The COVID-19 pandemic forced businesses in all sectors to react quickly in order to stay relevant and continue to thrive. Alumni in Action introduces you to WSB alumni who faced and met the professional challenges the pandemic imposed.
As an entrepreneur, April Weir (MS ’07, MBA ’13) had a plan for a startup product and company. And like any good entrepreneur, when something disrupted that plan she was forced to change her tune.
For Weir, that meant switching from making violins to face shields after responding to product demand in the early days of the COVID-19 pandemic.
“It was just so crazy back then,” says Weir, who lives in Waunakee, Wisconsin. “Everyone knew that PPE (personal protective equipment) had a huge shortage, and it was something so simple to help our health care workers.”
Weir had launched a startup in 2019 called Partita, which uses 3D printing technology to manufacture lower-cost violins in part to make them available for schoolchildren. She recognized that same technology could help address the need for face shields, and that product quickly became her focus.
She knew 3D-printed face shields were being made using open model designs available on the internet. Weir found a design, then tweaked it to meet her goals of reusability and affordability. She quickly discovered nationwide shortages in plastic (to create the shield) and elastic (to hold the shield in place). To overcome that, Weir created a design that used sheets of commonly found transparency film and a standard three-hole punch. The result was a shield that costs about $2 to make.
She made the first face shield on March 22. Then, things got really busy.
She put out a call for orders on social media and made a connection with a health care group based in Madison. They approved her design and wanted 750 a week. Orders also arrived from area nurses, first responders, and businesses.
“I knew we couldn’t do it all on our own so I looked for a team to help,” says Weir, who found 48 area 3D printing hobbyists willing to volunteer. “Every day I’d send a new update, list of clients, and how many they needed. I’d send the volunteers the design file and they’d print from that.”
The group made 2,000 masks within four weeks. They were sold at cost or given away.
“It was insane,” Weir says of the first weeks of producing shields. “My regular job is about a 50-hour-a-week job and I had two kids getting home-schooled.”
Weir’s “regular job” is as senior director of the project management office for InClin, Inc., a California-based pharmaceutical research company. She has been with the company for six years, and she built the team managing clinical studies. Among her current projects is managing a COVID-19 treatment study.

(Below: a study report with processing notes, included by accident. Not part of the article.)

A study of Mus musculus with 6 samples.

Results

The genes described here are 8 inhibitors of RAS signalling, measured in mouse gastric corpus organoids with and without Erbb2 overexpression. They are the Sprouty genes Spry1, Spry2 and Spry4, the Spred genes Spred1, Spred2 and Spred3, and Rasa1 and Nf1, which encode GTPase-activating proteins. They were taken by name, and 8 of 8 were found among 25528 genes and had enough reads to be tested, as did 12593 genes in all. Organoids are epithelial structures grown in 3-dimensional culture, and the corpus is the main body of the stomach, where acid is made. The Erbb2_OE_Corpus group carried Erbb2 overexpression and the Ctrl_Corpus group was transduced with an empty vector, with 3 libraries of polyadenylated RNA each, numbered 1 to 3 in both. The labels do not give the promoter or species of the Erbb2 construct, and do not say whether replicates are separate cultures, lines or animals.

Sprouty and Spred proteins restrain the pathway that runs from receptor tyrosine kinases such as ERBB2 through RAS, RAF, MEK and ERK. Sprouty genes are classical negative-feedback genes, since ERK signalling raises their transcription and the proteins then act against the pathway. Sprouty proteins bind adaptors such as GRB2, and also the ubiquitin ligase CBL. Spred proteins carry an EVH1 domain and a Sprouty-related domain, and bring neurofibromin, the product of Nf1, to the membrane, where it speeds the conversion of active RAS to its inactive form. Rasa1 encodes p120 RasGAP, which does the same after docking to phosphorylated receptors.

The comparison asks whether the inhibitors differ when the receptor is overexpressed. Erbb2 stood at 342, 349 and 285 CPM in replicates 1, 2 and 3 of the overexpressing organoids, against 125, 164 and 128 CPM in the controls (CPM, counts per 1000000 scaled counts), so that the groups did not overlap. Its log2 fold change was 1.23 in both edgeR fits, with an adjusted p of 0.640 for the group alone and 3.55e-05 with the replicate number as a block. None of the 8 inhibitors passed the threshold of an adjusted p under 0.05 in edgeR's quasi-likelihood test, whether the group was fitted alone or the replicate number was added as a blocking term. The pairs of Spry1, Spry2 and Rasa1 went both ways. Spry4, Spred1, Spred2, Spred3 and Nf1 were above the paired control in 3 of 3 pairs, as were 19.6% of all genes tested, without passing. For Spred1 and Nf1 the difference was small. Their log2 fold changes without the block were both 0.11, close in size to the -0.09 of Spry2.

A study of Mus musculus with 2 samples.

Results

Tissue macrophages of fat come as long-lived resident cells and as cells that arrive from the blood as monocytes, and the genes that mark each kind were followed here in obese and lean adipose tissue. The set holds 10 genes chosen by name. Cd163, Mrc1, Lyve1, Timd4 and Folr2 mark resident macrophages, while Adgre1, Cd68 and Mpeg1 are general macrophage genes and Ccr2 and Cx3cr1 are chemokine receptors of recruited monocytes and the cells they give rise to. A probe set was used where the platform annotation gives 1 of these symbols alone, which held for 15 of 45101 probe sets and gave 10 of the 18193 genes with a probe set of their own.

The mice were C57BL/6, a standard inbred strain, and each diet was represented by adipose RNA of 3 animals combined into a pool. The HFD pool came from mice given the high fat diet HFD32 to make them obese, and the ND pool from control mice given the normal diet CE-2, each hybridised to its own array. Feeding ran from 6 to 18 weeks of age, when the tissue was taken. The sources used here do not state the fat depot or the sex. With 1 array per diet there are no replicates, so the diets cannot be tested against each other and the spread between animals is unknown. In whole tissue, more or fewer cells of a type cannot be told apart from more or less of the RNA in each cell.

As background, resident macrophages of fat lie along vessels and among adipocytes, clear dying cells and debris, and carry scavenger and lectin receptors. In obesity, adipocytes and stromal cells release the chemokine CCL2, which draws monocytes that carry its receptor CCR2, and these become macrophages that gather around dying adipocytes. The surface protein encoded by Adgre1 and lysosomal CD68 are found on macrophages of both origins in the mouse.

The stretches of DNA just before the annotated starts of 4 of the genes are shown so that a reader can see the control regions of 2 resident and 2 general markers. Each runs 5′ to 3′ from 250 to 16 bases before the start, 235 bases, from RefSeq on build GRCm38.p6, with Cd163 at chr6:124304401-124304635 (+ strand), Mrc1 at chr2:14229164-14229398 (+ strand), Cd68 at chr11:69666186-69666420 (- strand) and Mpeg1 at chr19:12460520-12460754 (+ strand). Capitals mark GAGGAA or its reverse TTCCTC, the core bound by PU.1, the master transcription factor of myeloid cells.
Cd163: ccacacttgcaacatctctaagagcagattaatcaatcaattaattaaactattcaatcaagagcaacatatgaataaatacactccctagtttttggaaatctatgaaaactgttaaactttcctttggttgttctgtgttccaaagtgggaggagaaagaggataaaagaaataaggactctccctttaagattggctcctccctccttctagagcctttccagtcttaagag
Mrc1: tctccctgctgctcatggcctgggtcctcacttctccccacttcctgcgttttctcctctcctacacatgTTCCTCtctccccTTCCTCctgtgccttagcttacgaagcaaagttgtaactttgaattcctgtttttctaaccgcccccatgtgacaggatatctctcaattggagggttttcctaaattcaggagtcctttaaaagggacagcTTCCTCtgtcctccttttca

The blend of business and science is a passion for Weir, who first came to UW–Madison to earn her master’s in biochemistry. She then complemented that with an MBA through WSB’s evening program.
“I had worked in startups so I knew I wanted to start a business someday,” she says. “That’s why I got my MBA. Being exposed to a little bit of everything regarding business – financials, marketing, business law, etc. really helped me have the confidence to start a company.”
She dived into Madison’s entrepreneurial ecosystem. She was part of the first class of WSB’s Morgridge Entrepreneurial Bootcamp, an intensive technology entrepreneurship program for graduate students in the sciences, engineering, and math. This spring, her company Partita was a semifinalist in the Wisconsin Governor’s Business Plan Competition.
Manufacturing violins remains Partita’s mission; it just took a back seat as the need for face shields emerged. If this had been a normal year, Weir would be visiting schools and retailers to market the violins her husband, David Hauptman, makes.
Weir had bought her husband a 3D printer for Christmas a few years back, and the couple began printing things just for fun. Hauptman had been teaching himself to play the violin and decided to try to 3D print a violin from a design he found on the internet. Weir took the idea and turned it into a business.
“We did this to make the violin more accessible,” she says of instruments that can cost $500 to $1,000 just for beginners. “And for kids, you have to buy a specific size and then they grow out of it.”
Weir and her husband went through 400 iterations of the design before settling on one. Their goal was to create a violin that could replicate the sound of one that sells in the $1,000 range. They took their violin to professional musicians, luthiers, and students to play it and provide feedback.
Partita violins are made of a plastic called PLA, a polymer that is more resistant to temperature and humidity than wood is—a decided perk in Wisconsin. The violin comes in colors beyond the familiar brown, and that adds to the appeal for kids. It sells for $375.
“When we started we’d just carry the violins around with us and we’d brainstorm about it over breakfast,” Weir says. “People would see it and buy it right off us.”
Partita is back in the violin business now. The company is still young, and Weir is working on the marketing and building infrastructure.
Face shield requests still come in, but nothing like the early weeks of the pandemic when volunteers she still has never met picked up and delivered the boxes of products she’d leave on her front porch.
“It was a lot at one time and we felt we were contributing,” she says.